By LeAnn R. Ralph
Editor’s Note: As of July 23, the Colfax Public Library is now requiring patrons to wear masks since the COVID-19 activity level in Dunn County moved from “moderate” to “high.”
COLFAX — The Colfax Public Library Board decided at the July 21 meeting to not make masks mandatory at the library in spite of increasing infection levels of COVID-19 in Dunn County and surrounding counties.
Even though the library board decided not to require masks, the board gave Lisa Bragg-Hurlburt, library director, the discretion to strongly encourage library patrons to wear masks and to require masks if the COVID-19 activity level in Dunn County changed from moderate to high.
The situation is becoming “more dire,” Bragg-Hurlburt said, adding that in spite of the dire situation, she was not sure if she wanted to insist all library patrons wear a mask while in the library.
The Menomonie Public Library Board recently approved requiring all library patrons, except children three and under, to wear a mask because it had reportedly come to the attention of the Menomonie library board that older patrons, who are at higher risk for more severe illness with COVID-19, were avoiding the library because there was no mask requirement.
Gary Stene, library board member, village trustee and a supervisor on the Dunn County Board, asked one of the other library board members, Megan Pawlak, who teaches in the Colfax school district, whether the students would be required to wear masks when they return to school in the fall.
Pawlak said nothing had yet been decided.
On a recent visit to Illinois, Stene said he had discovered “everyone has to wear masks.”
At a bar, the tables were spread out, and all of the employees were wearing masks. Everyone who came through the door was checked to see if he or she was running a fever, he said.
In Alaska, visitors either must take a rapid response COVID-19 test or else quarantine for 14 days, said Olivia Landon, president of the library board.
Stene made a motion to require masks in the library and to leave it up to the director of when and how to implement the requirement.
The motion died for the lack of a second.
Under Robert’s Rules of Order, discussion should be held when there is a motion and a second. Making a motion and providing a second does not mean that the people who made the motion and the second must vote in favor of the motion.
Forcing a child who is three years to old to wear a mask is “not okay,” and it would be better to have the cut-off age at five or six, Pawlak said.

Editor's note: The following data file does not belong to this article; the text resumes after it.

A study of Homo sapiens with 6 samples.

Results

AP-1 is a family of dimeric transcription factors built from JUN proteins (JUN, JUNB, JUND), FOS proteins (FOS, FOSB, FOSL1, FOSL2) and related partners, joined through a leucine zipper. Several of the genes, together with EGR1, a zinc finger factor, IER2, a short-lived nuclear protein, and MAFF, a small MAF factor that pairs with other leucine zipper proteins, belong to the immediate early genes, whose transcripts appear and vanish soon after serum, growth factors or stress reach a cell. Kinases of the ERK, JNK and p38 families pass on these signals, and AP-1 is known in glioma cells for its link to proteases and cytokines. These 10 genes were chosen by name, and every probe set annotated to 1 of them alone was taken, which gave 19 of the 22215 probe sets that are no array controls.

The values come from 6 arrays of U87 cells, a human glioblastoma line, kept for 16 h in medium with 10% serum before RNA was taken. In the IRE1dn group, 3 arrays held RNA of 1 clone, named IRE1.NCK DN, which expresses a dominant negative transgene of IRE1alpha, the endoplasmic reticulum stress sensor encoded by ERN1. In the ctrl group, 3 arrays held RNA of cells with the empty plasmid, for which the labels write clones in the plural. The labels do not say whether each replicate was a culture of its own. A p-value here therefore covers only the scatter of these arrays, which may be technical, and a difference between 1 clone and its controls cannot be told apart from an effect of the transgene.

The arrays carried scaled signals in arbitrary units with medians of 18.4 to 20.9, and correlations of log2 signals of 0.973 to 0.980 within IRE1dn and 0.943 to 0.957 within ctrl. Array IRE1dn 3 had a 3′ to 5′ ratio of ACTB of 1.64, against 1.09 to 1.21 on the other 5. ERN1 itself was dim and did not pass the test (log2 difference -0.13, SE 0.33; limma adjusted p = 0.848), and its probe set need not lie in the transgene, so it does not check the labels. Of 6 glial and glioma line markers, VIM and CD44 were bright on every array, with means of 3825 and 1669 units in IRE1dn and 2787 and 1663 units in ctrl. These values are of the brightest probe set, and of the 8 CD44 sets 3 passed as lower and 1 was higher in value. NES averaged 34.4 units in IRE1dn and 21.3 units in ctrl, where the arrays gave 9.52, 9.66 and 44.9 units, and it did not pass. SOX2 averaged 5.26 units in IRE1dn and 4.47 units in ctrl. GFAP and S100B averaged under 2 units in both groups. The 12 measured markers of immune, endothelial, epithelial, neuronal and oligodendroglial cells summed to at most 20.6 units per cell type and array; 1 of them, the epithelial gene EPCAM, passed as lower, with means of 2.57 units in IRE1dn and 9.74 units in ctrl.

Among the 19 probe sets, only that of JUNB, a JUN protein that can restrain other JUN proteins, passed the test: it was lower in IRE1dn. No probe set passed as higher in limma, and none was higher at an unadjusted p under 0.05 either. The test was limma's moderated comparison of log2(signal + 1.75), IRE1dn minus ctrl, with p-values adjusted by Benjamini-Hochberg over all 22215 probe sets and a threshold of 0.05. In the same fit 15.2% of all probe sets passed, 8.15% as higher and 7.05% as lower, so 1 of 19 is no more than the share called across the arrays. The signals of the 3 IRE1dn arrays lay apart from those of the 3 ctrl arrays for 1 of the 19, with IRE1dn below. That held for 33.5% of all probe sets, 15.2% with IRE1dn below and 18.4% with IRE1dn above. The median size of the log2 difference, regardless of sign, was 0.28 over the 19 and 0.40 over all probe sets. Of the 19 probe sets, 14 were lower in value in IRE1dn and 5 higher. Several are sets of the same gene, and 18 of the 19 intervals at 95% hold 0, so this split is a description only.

The library should “highly recommend” patrons wear masks, but if it is mandated, some families will not come into the library, she said.
Landon wondered how library staff felt about their safety.
Visitors to the library are not staying as long as they have in the past, and there are plexiglass shields around the check-out desk, Hurlburt said.
John Thompson, director of the Indianhead Federated Library System, is recommending all libraries require masks, Hurlburt said, adding that the “culture” in Colfax might not be conducive to requiring masks.
One library patron had, apparently, been irritated with Hurlburt for wearing a mask while she was working in the library.
The library could require masks three days per week but not mandatory for the other two days, Landon suggested.
Hurlburt said she would rather not implement a policy in which masks were mandatory only part of the time.
Several library board members suggested the Colfax library could require masks if the Dunn County Health Department issued an order requiring masks or if the state issued an order making masks mandatory.
Guidelines or recommendations from the county or the state would not be enough to convince them masks should be required in the library, they said, but an order from the county or the state would represent a different situation.
It was not clear from the discussion why the Colfax library would have any discretion if the county health department or the state issued an order requiring masks. Health orders are not a recommendation, but instead, use the word “shall” to mean people are required to comply with the order or else face some kind of penalty, such as a fine or jail time.
Hurlburt also said she had been checking the map on the state Department of Health Services website that classifies counties by whether their level of COVID-19 infections are “low” or “moderate” or “high.”
The library could start requiring patrons to wear masks when the rate of infections with COVID-19 goes to “high” in Dunn County, she said.
The Colfax Library Board eventually approved a motion giving Hurlburt the discretion to require masks in the library if Dunn County’s infection rate is classified as “high.”
The Colfax Public Library Board meets next on August 25.